Pokémon GO investment? Read this before you investing!

Pokemon Go investing

If you like many other investors and are considering investing in Nintendo.

Read this before you invest in Nintendo, because it can maybe get expensive for you.

I do not say whether you should invest in Nintendo or not.

Neither do I say whether Nintendo is a good or bad investment.

I just wrote something I think you should know before you decide.

Why did Nintendo double their market value?

Pokémon GO

Pokémon GO was launched.

The release was a overnight success like no other release.

Similarweb stated that Pokémon GO had already by day two more users than the known dating app Tinder on Android phones.

In the same amount of time, Pokémon Go was catching up to twitters daily active users.

To say people are excited about Nintendo’s prospect would be an big understatement. People are absolutely salivating.

Benefits remain unclear

Prospective investors might want to pump the brakes on all of their newfound love for the house that Mario built, because according to a brokerage firm, the benefits of Pokémon GO for Nintendo remain unclear.

According to CSLA analyst Jay Defibaugh, Nintendo receives royalties for Pokémon titles but surprisingly little direct profit, benefitting instead from the impact of Pokémon titles on hardware sales and penetration.

The Developer firm Niantic created the game Pokémon GO with the Pokémon Company.

As Deutsche Bank’s Han Joon Kim explains, Nintendo does own 32% of the Pokémon Company.

The Pokémon Company is also owned by Game Freak and Creatures.

Creatures is also partially owned by Nintendo. In other words, Nintendo will likely see some improvements to its bottom line, but it is unlikely that the affect will be as dramatic as it has been made out to be.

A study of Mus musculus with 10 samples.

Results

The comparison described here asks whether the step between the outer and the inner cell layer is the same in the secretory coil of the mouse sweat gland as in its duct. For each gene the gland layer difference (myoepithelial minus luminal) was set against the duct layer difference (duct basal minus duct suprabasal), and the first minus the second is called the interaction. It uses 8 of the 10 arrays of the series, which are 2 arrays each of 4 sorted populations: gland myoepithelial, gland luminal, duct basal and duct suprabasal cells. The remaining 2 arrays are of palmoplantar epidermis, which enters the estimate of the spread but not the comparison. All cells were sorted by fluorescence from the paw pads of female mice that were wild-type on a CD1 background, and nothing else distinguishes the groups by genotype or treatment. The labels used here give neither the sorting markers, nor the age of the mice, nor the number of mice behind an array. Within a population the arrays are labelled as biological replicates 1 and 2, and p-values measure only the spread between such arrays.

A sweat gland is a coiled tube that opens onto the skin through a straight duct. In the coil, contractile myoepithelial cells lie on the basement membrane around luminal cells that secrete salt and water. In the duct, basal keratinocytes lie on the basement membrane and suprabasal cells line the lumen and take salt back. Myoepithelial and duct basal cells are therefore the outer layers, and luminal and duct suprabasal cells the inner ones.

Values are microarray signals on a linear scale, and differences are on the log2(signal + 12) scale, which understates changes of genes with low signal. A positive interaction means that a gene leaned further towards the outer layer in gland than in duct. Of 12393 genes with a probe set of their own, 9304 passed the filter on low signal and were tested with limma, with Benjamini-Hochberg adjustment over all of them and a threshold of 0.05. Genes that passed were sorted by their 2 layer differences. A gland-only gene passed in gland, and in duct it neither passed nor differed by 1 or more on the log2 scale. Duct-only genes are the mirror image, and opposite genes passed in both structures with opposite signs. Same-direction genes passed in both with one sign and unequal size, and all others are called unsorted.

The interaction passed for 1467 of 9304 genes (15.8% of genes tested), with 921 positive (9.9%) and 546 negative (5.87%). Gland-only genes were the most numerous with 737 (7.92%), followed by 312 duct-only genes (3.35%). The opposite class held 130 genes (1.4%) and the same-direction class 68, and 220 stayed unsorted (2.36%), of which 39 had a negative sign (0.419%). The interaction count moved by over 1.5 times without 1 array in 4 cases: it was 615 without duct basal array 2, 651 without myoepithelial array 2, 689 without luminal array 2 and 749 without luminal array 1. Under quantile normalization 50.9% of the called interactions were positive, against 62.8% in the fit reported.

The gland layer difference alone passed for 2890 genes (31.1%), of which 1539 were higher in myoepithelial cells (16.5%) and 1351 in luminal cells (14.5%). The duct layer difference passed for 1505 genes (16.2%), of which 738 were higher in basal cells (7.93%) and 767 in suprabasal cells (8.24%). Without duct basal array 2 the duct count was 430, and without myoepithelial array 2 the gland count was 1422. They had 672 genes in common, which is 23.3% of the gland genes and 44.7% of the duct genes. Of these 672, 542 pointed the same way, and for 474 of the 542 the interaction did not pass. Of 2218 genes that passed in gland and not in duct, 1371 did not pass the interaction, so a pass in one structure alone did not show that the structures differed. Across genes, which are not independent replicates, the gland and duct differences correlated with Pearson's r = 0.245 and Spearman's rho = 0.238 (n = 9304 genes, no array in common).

Pokémon is one of a kind

More importantly the fact is that Pokémon GO isn’t the first of a series of major mobile releases being pushed out by Nintendo. It is actually more of an anomaly than anything.

Nintendo does have two mobile game releases in the loop from the franchises “Animal Crossing” and “Fire Emblem”.

But they’re unlikely to have the same kind of major crossover as Pokémon GO. What’s more, there are no assurances that Pokémon GO won’t flame out in a short time.

Nintendo has been adamant about keeping its big franchises including Super Mario Bros., the Legend og Zelda and Mario Kart off of smartphones.

Instead Nintendo would rather focus on selling its top selling titles on it own handheld gaming consoles like the Nintendo 3DS or its Wii u home console.

What is the problem?

The problem with that is that sales of the Nintendo 3DS have already begun flagging and the Wii U has been a failure unable to match the sales from Sony’s PlayStation 4 or Microsoft’s Xbox One.

What’s more, Nintendo has yet to announce a successor to the Nintendo 3DS and hasn’t even provided a price or even a look at the design of it’s next generation NX console, which is expected to launch next year.

Sure, there are still two Pokémon games planned for release on the Nintendo 3DS this year, which is sure to drive sales of the handheld console, and the previews for “The Legend of Zelda: Breath of the Wild” for the NX console have been largely positive.

But whether those can sustain the company in the long term remains to be seen.

If Nintendo wants to keep the positive momentum it’s seen with “Pokémon Go” it needs to strongly reconsider whether it is willing to bring its big franchises to smartphones.

If not, the company’s future rests on whether the upcoming NX can win back supporters who were burned by the Wii U.